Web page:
The banking scandal that led to the firing of over 5,300 Wells Fargo employees and cost CEO John Stumpf his job will continue to impact customers for some time, especially those hit with wrongful overdraft fees, interest charges or drops in their credit ratings.
In addition to the $185 million dollar fine by the Consumer Financial Protection Bureau, which ordered the bank to pay for illegally creating two million unauthorized customer accounts along with $5 million in full restitutions to victims of this illicit behavior, the longer term business repercussions for Wells Fargo will likely come in the form of consumer trust and loyalty.
The simple fact is that Wells Fargo’s employees were given the means to commit this fraud. They had enough access to consumer personal information to open the accounts – full name, date of birth, Social Security number, address, etc. – to pass a single, knowledge-based factor of authentication. Had Wells Fargo simply complied with Federal Financial Institutions Examination Council guidelines on multi-factor authentication across all customer channels and internal activities, there would have been no fraud.
What I can’t help but wonder is why all banking institutions operating today don’t have multi-factor authentication measures in place to secure every transaction, especially in person and on the telephone.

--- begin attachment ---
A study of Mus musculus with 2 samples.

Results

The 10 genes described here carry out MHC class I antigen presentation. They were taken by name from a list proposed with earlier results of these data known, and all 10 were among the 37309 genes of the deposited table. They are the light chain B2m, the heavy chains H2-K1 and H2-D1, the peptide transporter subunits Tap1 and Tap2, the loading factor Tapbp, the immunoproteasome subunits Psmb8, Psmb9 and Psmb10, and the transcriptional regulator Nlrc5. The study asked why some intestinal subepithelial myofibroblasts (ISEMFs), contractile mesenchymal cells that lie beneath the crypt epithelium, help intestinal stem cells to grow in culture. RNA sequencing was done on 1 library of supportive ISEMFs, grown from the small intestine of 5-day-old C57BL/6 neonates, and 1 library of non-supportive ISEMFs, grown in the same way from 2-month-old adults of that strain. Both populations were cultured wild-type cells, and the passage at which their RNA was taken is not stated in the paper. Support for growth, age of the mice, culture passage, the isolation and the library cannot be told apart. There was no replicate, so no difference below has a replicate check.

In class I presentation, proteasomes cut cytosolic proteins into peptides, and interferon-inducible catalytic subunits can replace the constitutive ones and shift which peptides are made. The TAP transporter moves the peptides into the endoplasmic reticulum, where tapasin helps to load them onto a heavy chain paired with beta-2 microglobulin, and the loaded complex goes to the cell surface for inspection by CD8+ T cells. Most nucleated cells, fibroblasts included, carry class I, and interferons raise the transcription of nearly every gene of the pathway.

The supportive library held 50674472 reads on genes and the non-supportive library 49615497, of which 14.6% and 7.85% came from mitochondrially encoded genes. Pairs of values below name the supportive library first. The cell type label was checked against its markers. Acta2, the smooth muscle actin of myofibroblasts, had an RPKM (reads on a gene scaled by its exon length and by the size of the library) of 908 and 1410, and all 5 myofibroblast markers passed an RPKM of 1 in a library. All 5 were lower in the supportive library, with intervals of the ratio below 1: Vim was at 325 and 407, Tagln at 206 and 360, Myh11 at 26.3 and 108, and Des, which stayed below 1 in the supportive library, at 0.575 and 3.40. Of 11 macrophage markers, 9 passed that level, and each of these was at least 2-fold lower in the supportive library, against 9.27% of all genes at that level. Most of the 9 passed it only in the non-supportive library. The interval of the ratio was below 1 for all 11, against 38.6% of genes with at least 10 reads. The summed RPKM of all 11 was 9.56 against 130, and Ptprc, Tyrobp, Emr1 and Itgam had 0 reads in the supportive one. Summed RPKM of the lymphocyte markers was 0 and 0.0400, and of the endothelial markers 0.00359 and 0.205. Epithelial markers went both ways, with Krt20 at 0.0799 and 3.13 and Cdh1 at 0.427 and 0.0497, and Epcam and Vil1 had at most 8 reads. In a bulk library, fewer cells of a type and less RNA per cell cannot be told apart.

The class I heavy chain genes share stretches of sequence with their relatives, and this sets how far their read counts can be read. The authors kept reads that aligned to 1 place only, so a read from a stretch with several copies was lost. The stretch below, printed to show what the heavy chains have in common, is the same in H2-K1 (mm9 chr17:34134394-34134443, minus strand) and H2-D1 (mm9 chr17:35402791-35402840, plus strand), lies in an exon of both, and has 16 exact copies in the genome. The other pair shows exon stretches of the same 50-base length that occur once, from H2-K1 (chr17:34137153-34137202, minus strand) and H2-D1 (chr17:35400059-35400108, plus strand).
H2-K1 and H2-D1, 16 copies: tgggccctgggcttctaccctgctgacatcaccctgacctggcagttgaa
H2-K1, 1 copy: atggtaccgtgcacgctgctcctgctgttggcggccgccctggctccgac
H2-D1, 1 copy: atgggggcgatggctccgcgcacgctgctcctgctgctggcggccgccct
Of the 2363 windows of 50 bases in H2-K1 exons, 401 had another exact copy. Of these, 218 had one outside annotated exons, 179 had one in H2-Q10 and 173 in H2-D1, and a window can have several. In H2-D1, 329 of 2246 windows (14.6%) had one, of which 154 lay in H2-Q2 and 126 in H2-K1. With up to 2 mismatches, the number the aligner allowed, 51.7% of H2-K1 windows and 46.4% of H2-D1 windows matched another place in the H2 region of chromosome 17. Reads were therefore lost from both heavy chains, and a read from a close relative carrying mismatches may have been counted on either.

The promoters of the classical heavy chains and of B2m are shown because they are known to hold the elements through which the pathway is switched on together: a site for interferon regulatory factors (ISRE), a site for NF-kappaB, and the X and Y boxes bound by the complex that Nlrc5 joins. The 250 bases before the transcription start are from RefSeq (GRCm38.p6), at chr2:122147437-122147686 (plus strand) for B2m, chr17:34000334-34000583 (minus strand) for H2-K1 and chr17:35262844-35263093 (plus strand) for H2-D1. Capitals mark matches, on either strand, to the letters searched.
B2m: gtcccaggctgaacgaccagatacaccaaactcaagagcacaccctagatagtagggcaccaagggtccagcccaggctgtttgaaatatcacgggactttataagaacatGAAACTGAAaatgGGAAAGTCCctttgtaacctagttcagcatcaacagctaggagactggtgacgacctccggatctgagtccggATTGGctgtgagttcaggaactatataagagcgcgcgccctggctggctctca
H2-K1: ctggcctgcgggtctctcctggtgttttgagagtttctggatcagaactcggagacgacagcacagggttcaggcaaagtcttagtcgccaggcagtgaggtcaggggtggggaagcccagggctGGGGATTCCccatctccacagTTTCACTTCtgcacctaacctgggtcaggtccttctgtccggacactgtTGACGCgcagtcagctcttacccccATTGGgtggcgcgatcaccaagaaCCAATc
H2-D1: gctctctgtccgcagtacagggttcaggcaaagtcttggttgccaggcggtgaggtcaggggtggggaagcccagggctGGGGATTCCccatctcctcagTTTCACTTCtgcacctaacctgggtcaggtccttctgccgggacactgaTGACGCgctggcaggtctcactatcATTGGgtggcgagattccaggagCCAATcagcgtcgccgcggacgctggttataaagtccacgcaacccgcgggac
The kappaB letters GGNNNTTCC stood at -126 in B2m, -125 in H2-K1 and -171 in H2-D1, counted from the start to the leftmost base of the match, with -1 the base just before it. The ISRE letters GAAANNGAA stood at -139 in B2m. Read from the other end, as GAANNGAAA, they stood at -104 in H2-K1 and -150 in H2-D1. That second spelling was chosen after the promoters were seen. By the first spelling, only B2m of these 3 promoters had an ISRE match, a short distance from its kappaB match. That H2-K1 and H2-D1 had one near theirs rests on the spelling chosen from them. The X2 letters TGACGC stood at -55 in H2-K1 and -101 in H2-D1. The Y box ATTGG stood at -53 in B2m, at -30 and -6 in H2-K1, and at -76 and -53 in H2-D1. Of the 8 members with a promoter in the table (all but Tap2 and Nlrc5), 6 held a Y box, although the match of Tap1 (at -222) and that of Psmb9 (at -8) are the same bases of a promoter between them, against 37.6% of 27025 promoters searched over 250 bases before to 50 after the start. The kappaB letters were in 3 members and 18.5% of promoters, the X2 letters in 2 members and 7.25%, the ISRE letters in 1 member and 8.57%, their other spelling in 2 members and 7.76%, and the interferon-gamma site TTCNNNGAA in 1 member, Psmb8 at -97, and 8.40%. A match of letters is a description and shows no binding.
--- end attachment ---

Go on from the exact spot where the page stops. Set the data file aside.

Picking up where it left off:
Whether your customers are banking online or interacting with agents over the phone, it’s imperative that banks properly authenticate all customers to better protect their customers and banking institutions.
As we’re learning from this case, not having proper authentication processes in place across all customer channels can cause irreversible damage to your brand, not to mention your CEO’s career.
Industry analysts have long warned us about the weaknesses people present to the authentication process. While the human element innately brings a level of risk to customer identification, Wells Fargo also illustrates the risk human beings bring to all banking activities.
To strengthen internal controls and build trust and confidence with your customers, banking institutions must remove the human factor from the authentication process. This helps banks reduce their vulnerability to social engineers and other dubious behavior perpetrated by employees.
Authentication tools such as TRUSTID, that remove the human factor and automatically identify individuals, provide banks with the security of only conducting business with their actual customers, not criminals or rogue employees. By creating a proactive and more transparent enterprise, your customer channels are better protected against social engineering scams and other unwanted activities that can have a lasting impact on your customers and your brand.